A Lawrenceville judge handed out a 140-year sentence to a Gwinnett teen, Damia Mitchell, on Monday after police said she shot and killed a woman in 2021.
Prosecutors say Damia Mitchell, 17, fired up to 19 shots at a home on Valentine’s Day 2021, killing Faith Burns in a Dacula area subdivision. Police said that Mitchell and Burns did not know each other, but the Burns knew Mitchell’s ex-girlfriend.
Mitchell had sent texts to the ex-girlfriend that she planned to shoot up her house and jump her. Police said Burns just happened to be at the ex-girlfriend’s home when Mitchell and four other girls showed up at the house and started shooting.
Prosecutors argued that the shooting was a gang-related ex-lovers’ quarrel. The four other girls who went to the home were charged along with Mitchell.
But Mitchell’s family said her sentence is too much.
Channel 2 Gwinnett County Bureau Chief Tony Thomas has been following the story since it broke in February 2021. Michell’s family said the 17-year-old had no record and insists that she wasn’t the shooter.
Mitchell’s aunt, Lena Hall, said the 140-year sentence would rob her of her life.
“No record, a child. She won’t even get the opportunity to live her life, have her own kids,” Hall said.
The jury didn’t convict Mitchell of murder, instead opting for voluntary manslaughter, three counts of aggravated assault and eight counts of street gang terrorism. The jury found she wasn’t carrying a gun, and she was not declared guilty of two other gang charges.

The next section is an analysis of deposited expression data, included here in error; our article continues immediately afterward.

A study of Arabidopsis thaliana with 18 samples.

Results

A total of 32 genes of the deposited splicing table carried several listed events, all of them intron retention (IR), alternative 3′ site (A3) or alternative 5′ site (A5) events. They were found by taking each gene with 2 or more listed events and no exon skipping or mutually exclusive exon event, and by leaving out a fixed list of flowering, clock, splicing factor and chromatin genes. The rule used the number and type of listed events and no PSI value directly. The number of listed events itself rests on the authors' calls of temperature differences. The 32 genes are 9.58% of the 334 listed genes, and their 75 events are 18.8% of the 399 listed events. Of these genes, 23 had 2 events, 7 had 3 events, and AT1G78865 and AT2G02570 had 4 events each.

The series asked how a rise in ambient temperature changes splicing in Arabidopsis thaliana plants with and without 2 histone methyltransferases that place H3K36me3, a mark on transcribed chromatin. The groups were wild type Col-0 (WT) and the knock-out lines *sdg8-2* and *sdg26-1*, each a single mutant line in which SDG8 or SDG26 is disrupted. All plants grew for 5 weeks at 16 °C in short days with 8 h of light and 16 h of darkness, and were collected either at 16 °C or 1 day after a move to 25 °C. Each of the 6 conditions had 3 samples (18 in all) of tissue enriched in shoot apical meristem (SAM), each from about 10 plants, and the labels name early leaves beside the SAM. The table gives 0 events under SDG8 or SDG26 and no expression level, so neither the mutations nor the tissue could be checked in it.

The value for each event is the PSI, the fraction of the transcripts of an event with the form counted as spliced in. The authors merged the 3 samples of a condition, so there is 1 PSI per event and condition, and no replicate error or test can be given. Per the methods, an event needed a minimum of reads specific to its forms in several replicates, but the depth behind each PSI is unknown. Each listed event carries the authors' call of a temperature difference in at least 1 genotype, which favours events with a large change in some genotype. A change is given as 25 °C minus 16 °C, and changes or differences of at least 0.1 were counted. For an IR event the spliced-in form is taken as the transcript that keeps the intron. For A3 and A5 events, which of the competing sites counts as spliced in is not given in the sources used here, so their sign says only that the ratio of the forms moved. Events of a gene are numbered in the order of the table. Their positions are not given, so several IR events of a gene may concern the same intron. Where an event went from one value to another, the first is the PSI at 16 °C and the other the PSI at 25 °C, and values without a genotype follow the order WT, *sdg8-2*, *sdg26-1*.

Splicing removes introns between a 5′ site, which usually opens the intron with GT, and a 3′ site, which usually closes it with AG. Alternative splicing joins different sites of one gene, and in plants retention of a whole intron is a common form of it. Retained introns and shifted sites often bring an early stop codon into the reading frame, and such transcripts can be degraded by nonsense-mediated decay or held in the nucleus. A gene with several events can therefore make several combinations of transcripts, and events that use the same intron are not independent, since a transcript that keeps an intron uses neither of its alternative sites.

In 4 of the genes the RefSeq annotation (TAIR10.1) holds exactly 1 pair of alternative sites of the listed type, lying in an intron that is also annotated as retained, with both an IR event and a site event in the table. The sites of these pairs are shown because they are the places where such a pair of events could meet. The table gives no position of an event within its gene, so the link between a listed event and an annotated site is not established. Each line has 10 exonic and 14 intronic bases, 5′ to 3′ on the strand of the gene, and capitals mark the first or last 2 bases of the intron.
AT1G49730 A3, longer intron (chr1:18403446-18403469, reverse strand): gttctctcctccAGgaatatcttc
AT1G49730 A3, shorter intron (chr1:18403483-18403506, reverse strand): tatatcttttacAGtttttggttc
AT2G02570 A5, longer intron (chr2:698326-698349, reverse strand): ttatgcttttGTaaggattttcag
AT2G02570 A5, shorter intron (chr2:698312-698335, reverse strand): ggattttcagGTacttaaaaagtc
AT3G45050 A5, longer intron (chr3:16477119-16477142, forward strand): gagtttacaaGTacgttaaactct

Another of Mitchell’s aunts, identified only as Dori, said her niece had known the girls involved in the fight since elementary school.
“They’ve always hung out together, so it’s not like they are in a gang,” she said. “They are a group of girls who like hanging out and doing typical things.”
Prosecutors showed the jury videos and texts they say proved the teens were tied to violent gangs and had a history of organizing street fights. Eighty of the 140 years given to Michell involve gang charges, something the family said they are having a hard time comprehending.
The family plans to protest at the county courthouse.
According to the district attorney’s office, the other four defendants in the case have yet to go to trial.
Mr Burns reacts
Allen Burns, Faith’s father, said this helps bring some justice for his daughter, who was 20 years old at the time of her death.
“I feel a sigh of relief for for my child, just getting some type of justice,” he said. “My family, we’re trying to heal now we’ve dealt with this for like 16 months.”
“At the end of the day, it’s a no-win situation for everybody,” Burns said. “We all lose. They lose their child in jail; we don’t have our child. Who wins? Nobody wins.”
Burns says his daughter did not know Mitchell but knew Mitchell’s ex-girlfriend.
“Faith was hanging out with her ex-girlfriend and they came over that house that day because they were going back and forth with beef. My daughter was an innocent bystander,” Burns said. “Faith did not even know any of the girls that day.”
Court documents state Mitchell was associated with the Nine Trey Gangster Bloods. This criminal street gang has had an extensive history in the Atlanta area, and she was attempting to elevate her status within the gang.
In addition, Burns, who has been present at every court date and hearing, says he’s not surprised the other defendants received much lower sentences.
“They’re up here wondering why the other girls got 4 to 10 years,” he said. “She’s the one that assembled that posse to come over there. They’re like well she ain’t the shooter, but you brought the shooter over to the house that day.”
Burns wants people to remember his daughter as the happy, funny, soccer-loving sister, aunt, and daughter she was. He hopes her legacy stays alive in those who knew her and shared her memory with others.
“She was giving,” he said. “I seen all these kids that came out on her funeral who where like, “Faith did this, Faith did that,” and me and my wife would look at each other, like, “You’re talking about Faith… she is such a amazing giving person. [This] hurts so bad. Never to have that again, you know?”